Editors Aaltola and Hadley identify the motivation for this collection of essays as the fact that there is very little innovation in the field of animal ethics; much fits the description of 'moral extensionism,' or the extension of existing moral and political theories across species. The editors present works that examine the metaethical and meta-philosophical issues in animal ethics, thereby asking unaddressed questions. In the book's 12 essays, various contributors focus on the assumptions behind the critique of morally relevant relationships; offer an application of biosemiotics, or living organisms’ use of signs; and utilize Merleau-Ponty’s embodied subjects to discuss intersubjectivity with non-human animals. Authors also examine the epistemological and ethical difficulties regarding speaking for animals, argue there is a shortsightedness in basing animal ethics in rights, and consider the moral role of disgust with animal abuse. Finally, Aaltola ends with a convincing explanation for how and why humans are able to paradoxically love some animals and eat others. . . .Readers will find original additions to the animal ethics discussion. Summing Up: Recommended. Upper-division undergraduates through researchers and faculty.
This is a very original book which examines new paths for studies in nonhuman animals and moral philosophy. Addressing issues concerning animal ethics in metaethics, metaphilosophy, epistemology and moral psychology, it offers a previously unexplored approach.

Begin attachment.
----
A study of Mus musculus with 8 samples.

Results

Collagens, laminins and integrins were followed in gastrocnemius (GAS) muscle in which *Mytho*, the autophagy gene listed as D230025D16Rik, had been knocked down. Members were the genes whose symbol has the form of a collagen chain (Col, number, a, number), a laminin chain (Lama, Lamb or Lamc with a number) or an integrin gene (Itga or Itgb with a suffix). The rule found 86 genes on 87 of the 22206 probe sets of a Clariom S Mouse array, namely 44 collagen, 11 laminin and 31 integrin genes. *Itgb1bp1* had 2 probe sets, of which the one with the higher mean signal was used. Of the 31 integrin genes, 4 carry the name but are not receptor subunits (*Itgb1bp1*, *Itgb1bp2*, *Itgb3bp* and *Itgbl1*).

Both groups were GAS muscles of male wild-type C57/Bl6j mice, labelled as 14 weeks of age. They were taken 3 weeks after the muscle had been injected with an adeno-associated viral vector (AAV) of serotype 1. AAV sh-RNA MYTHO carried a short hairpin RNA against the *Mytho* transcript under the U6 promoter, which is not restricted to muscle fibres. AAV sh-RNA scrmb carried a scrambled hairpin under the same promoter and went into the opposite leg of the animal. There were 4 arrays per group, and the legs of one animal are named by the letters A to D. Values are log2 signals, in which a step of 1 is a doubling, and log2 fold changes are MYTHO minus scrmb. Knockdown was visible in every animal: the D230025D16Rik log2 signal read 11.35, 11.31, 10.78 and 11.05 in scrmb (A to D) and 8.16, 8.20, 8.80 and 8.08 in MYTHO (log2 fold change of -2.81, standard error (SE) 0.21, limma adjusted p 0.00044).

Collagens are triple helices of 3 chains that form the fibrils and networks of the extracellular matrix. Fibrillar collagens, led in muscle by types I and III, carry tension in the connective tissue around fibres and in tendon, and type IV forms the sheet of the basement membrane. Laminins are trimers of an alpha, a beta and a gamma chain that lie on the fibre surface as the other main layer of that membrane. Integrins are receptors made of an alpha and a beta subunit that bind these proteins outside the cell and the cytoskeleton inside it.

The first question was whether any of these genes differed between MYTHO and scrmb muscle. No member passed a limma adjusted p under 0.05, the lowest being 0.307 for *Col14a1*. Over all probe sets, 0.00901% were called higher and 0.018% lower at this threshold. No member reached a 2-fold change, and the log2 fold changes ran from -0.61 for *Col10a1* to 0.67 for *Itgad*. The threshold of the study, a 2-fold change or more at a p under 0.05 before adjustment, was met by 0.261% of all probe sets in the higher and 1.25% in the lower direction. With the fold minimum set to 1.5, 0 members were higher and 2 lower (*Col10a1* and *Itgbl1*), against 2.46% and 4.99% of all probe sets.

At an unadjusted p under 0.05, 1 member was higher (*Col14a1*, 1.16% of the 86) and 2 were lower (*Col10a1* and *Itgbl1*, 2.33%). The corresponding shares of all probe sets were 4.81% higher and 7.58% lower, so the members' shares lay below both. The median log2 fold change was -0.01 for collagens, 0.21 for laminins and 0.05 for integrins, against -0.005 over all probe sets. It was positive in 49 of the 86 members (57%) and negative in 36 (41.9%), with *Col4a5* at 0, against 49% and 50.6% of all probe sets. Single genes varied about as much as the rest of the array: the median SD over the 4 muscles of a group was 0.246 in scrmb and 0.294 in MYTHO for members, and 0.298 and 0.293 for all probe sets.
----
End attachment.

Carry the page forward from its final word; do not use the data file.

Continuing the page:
Aaltola and Hadley have rounded up some of their most gifted contemporaries to push the boundaries and rejuvenate some of the old debates. An exciting read for all those who care about ethics and animals.
The essays that constitute Animal Ethics and Philosophy: Questioning the Orthodoxy accomplish at least two things: first, they provide a long-overdue critical reconceptualization and sharp meta-analysis of assumptions foundational to contemporary animal ethics; second and most importantly, they construct fresh, original, innovative paradigms for future research in animal ethics.
Elisa Aaltola is senior lecturer in philosophy at the University of Eastern Finland. She is the author of Animal Suffering: Philosophy and Culture (Palgrave, 2012) and more than twenty refereed papers on animal philosophy.
John Hadley is lecturer in philosophy at the University of Western Sydney, Australia. He has published papers on a wide range of topics in animal and environmental ethics.